I have two cats that are about six years old now. I wouldn’t get them a subscription like the Bark Box, but cats are much different than dogs. They really aren’t into playing like they were when they were kittens. Also, they puke often, so a variety of snacks wouldn’t be a good thing for them. Anyway …
I posted a few weeks ago asking about how to ship a mercury thermometer. Temudgin pointed me in the direction of FedEx, which does allow you to ship mercury that is contained within a manufactured item. I sold the first one last week, and the buyer did not want me to post feedback for him. I guess he doesn’t want his environmentalist friends to find out? I’m very concerned about the environment myself, but I totally understand the conundrum. Digital thermometers just don’t work as well. Anyway, paid hardly anything in an online auction, sold for $24.
Something looks not that nice in an auction, and no one wants it. You throw out the shade and dust it off, and voila, $70.
I bought an online auction lot of tools. At the bottom of one of the boxes was a bunch of calligraphy tips. Paid about $1, sold for $26.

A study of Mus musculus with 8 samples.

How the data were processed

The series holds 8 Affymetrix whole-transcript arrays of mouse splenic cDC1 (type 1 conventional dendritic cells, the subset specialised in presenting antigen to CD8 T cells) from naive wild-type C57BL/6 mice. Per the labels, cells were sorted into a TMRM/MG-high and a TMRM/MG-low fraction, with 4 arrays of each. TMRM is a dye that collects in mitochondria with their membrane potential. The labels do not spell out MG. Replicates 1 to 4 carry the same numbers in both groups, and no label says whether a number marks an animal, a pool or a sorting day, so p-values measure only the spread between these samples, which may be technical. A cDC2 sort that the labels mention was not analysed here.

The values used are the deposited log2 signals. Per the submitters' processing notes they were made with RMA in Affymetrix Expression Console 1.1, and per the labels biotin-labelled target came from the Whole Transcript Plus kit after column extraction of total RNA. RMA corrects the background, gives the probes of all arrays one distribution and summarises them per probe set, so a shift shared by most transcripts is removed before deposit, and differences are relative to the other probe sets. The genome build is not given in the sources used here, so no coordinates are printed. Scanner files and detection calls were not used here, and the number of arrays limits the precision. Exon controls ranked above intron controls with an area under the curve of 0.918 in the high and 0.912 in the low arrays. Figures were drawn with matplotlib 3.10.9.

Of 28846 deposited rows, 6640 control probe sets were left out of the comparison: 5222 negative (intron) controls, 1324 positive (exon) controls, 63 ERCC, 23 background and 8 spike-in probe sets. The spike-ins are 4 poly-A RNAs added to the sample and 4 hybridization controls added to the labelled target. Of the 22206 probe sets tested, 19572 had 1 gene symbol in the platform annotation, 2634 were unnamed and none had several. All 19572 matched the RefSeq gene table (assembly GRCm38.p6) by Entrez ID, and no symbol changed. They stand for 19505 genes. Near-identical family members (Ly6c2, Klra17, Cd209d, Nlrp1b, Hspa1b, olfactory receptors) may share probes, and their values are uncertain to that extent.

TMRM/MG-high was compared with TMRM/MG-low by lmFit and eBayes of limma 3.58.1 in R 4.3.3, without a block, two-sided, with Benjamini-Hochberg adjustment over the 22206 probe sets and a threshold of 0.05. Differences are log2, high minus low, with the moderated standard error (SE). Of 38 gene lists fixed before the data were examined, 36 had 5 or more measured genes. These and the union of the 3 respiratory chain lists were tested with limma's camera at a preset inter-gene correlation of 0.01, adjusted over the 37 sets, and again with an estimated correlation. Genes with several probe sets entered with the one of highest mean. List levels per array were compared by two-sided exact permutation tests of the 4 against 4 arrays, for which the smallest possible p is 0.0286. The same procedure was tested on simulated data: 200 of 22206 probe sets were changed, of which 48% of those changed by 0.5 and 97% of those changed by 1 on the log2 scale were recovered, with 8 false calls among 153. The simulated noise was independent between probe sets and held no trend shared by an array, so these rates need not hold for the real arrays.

Many online auctions would do better with books if they did the research and pointed out the good ones. But, then I wouldn’t find these gems like a newly translated first edition One Hundred Years of Solitude from 1970. I paid pennies considering my low bid and large number of books, sold for $50.
I’ve had this jacket for about two years. It had a Japanese hotel tag. I assumed it was something that would have been sold at the hotel gift shop, but my buyer’s feedback set the record straight:
It is a really nice uniform top made in the 1950’s Very authentic & nice.
That said, I looked up other hotel uniforms, and my price was about right at $26. Paid maybe $1.
Another item from the same auction lot as the thermometers is this hair dryer from the 1950s. This person really didn’t throw anything out.